Thailand

Thailand is a Southeast Asian country.

It is known for tropical beaches, opulent royal palaces, ancient ruins and ornate temples displaying figures of Buddha.

In Bangkok, the capital, an ultramodern cityscape rises next to quiet canalside communities and the iconic temples of Wat Arun, Wat Pho and the Emerald Buddha Temple (Wat Phra Kaew).

Nearby beach resorts include bustling Pattaya and fashionable Hua Hin.

Formerly known as Siam, the country is at at the centre of the Indochinese peninsula in Southeast Asia.

With a total area of approximately 513,000 km, Thailand is the world’s 51st-largest country.

It is the 20th-most-populous country in the world, with around 66 million people. The capital and largest city is Bangkok.

Thailand is a constitutional monarchy and was a parliamentary democracy until the coup in May 2014 by National Council for Peace and Order.

Its capital and most populous city is Bangkok.

It is bordered to the north by Myanmar and Laos, to the east by Laos and Cambodia, to the south by the Gulf of Thailand and Malaysia, and to the west by the Andaman Sea and the southern extremity of Myanmar.

Its maritime boundaries include Vietnam in the Gulf of Thailand to the southeast, Indonesia and India on the Andaman Sea to the southwest.

The Thai economy is the world’s 20th largest by nominal GDP and the 27th largest by GDP at PPP.

It became a newly industrialised country and a major exporter in the 1990s.

Manufacturing, agriculture, and tourism are leading sectors of the economy.

It is considered a middle power in the region and around the world.

A. Bangkok

Bangkok

As capital of Thailand, Bangkok is a large city known for ornate shrines and vibrant street life.

The boat-filled Chao Phraya River feeds its network of canals, flowing past the Rattanakosin royal district, home to opulent Grand Palace and its sacred Wat Phra Kaew Temple.

Nearby is Wat Pho Temple with an enormous reclining Buddha and, on the opposite shore, Wat Arun Temple with its steep steps and Khmer-style spire.

Traditional teak buildings like the grand Vimanmek Palace and the residence-turned-museum Jim Thompson House contrast with the city’s skyline of modern high-rises.

Shopping options range from the upscale mega-malls of the Ratchaprasong district to the thousands of tiny stalls at overflowing Chatuchak Weekend Market.

The city’s renowned food scene spans traditional street-cart snacks – spicy, sour, sweet and salty – to upscale international restaurants.

Bangkok is also known for its exuberant nightlife, with venues ranging from swanky rooftop lounges to basic backpacker bars and nightclubs of the notorious Patpong district.

B. Chiangmai

Chiangmai

Chiang Mai is a city in mountainous northern Thailand.

Founded in 1296, it was capital of the independent Lanna Kingdom until 1558.

Its Old City area still retains vestiges of walls and moats from its history as a cultural and religious center.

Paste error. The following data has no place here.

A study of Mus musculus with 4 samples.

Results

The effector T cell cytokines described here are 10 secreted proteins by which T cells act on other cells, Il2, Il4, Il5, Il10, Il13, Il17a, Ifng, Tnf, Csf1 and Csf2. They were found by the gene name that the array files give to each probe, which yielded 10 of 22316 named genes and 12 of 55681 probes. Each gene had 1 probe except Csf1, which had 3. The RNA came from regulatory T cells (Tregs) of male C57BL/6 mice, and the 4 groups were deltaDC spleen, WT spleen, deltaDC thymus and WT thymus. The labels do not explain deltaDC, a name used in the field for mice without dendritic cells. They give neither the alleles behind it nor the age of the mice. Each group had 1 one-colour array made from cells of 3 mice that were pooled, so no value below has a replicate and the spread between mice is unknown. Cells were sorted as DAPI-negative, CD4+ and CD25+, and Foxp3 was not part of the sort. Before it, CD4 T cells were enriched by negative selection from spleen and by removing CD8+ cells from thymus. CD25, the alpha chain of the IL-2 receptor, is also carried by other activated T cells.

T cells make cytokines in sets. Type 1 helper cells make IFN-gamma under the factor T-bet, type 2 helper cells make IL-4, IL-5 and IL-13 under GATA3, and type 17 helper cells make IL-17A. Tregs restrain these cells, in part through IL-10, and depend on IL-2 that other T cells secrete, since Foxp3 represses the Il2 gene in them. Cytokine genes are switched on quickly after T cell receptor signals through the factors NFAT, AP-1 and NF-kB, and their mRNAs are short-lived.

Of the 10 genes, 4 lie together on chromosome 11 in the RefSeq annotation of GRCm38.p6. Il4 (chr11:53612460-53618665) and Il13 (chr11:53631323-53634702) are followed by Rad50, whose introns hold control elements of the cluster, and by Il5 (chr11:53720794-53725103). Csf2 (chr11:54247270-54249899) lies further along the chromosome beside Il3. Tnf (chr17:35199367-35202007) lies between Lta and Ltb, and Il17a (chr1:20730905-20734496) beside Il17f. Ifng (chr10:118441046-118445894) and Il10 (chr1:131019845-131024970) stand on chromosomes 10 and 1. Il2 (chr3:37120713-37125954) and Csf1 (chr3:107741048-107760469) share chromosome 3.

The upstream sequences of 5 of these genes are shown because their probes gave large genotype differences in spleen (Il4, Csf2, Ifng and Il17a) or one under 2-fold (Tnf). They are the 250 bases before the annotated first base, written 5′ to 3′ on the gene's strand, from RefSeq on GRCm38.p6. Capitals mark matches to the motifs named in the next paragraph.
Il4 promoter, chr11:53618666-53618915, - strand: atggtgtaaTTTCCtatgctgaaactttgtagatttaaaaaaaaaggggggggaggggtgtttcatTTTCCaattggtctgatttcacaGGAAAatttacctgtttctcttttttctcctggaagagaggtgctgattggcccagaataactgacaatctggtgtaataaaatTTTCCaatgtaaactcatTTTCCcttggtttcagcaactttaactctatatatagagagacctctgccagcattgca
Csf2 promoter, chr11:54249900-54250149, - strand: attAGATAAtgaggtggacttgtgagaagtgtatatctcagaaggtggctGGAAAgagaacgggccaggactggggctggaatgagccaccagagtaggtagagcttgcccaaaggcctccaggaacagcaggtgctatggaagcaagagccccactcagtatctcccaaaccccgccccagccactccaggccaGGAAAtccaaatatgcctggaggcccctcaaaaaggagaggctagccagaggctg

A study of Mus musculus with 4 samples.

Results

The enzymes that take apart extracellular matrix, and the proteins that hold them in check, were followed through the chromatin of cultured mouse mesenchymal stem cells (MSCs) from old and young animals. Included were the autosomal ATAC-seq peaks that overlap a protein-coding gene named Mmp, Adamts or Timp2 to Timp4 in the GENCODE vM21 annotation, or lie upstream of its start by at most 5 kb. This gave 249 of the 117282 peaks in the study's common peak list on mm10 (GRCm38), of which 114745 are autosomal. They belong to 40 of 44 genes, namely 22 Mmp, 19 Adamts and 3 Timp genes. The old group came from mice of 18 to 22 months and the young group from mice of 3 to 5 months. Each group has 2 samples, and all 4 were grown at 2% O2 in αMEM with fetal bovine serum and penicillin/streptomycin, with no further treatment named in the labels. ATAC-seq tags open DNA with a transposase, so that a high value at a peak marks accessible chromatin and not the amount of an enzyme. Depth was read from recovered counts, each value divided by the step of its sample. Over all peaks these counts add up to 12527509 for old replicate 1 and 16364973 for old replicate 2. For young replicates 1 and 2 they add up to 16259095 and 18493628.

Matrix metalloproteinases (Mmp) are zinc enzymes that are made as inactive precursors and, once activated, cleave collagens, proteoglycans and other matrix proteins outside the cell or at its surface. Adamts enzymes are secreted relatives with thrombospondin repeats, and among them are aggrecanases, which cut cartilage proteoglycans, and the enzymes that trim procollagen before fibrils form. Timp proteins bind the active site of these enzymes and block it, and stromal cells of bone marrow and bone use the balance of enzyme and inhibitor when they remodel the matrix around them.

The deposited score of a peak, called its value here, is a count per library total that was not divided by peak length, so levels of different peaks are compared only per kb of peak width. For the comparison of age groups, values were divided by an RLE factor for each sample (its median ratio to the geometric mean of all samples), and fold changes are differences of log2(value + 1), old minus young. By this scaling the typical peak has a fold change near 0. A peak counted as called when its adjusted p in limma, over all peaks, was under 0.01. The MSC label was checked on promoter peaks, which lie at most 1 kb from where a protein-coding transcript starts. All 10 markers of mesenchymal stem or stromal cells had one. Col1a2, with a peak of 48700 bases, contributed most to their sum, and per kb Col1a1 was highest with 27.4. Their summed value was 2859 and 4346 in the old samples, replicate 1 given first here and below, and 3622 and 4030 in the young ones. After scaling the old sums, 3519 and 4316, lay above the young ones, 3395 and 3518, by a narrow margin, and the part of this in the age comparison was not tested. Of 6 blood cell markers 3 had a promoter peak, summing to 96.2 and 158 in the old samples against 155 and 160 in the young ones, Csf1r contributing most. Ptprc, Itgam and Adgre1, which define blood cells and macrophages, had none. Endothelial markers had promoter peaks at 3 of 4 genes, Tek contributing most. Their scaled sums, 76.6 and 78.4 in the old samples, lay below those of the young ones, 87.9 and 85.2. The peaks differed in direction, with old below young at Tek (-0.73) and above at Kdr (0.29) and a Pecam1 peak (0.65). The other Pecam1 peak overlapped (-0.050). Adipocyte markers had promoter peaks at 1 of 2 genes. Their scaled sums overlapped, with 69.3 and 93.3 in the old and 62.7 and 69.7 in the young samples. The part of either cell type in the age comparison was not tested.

It is also home to hundreds of elaborate Buddhist temples, including 14th-century Wat Phra Singh and 15th-century Wat Chedi Luang, adorned with carved serpents.

Outside the central Old City, Nimmanhaemin Road is lined with sophisticated galleries, boutiques, cafes and restaurants cooking the signature local dish, khao soi (egg noodles in curry).

Also offered around town are traditional khantoke dinners served on low tables in teak pavilions accompanied by classical Thai music and dance shows.

Handicrafts such as silk, silverware and lacquerware can be found at open-air markets like the Night Bazaar.

Chiang Mai also acts as a base for treks into the nearby mountains for visits to temples, elephant training and rehabilitation camps, or isolated hill-tribe villages.

C. Phuket

Phuket

Phuket, a rainforested, mountainous island in the Andaman Sea, has some of Thailand’s most popular beaches, mostly situated along the clear waters of the western shore.

The island is home to many high-end seaside resorts, spas and restaurants.

Phuket City, the capital, has old shophouses and busy markets.

Patong, the main resort town, has many nightclubs, bars and discos.

Patong Beach is large and full of activity, with vendors offering rental lounge chairs and umbrellas, and a variety of water sports.

Smaller Kata Beach, to the south, is also busy. Karon and Rawai beaches, near the island’s southern tip, and those along the island’s northwestern and eastern coasts, are more tranquil and less developed.

Phuket is also known for its scuba diving among coral reefs, its Gibbon Rehabilitation Project and the neighboring islets of Phang Nga Bay, which have dramatic, towering limestone cliffs and caves.

Other attractions include the Wat Chalong Buddhist temple complex and the Phuket Big Buddha statue.

D. Pattaya

Pattaya

Pattaya is a city on Thailand’s eastern Gulf coast known for its beaches.

A quiet fishing village as recently as the 1960s, it’s now lined with resort hotels, high-rise condos, shopping malls, cabaret bars and 24-hour clubs.

Nearby, hillside Wat Phra Yai Temple features an 18m-tall golden Buddha.

The area also features several designer golf courses, some with views of Pattaya Bay.

Jet-skiing and parasailing are popular activities on Pattaya’s busy beachfront, which is lined with lounge chairs and umbrellas. Jomtien Beach, to the south, is quieter and popular for windsurfing.

Neon-lit Walking Street, which is closed to traffic each night, is packed with go-go bars, discos and massage parlors, while Art in Paradise features 3-D and interactive paintings.

To the north, Naklua Bay also has beaches, a village-like vibe and the Sanctuary of Truth, an wood shrine covered with intricate Buddhist and Hindu carvings.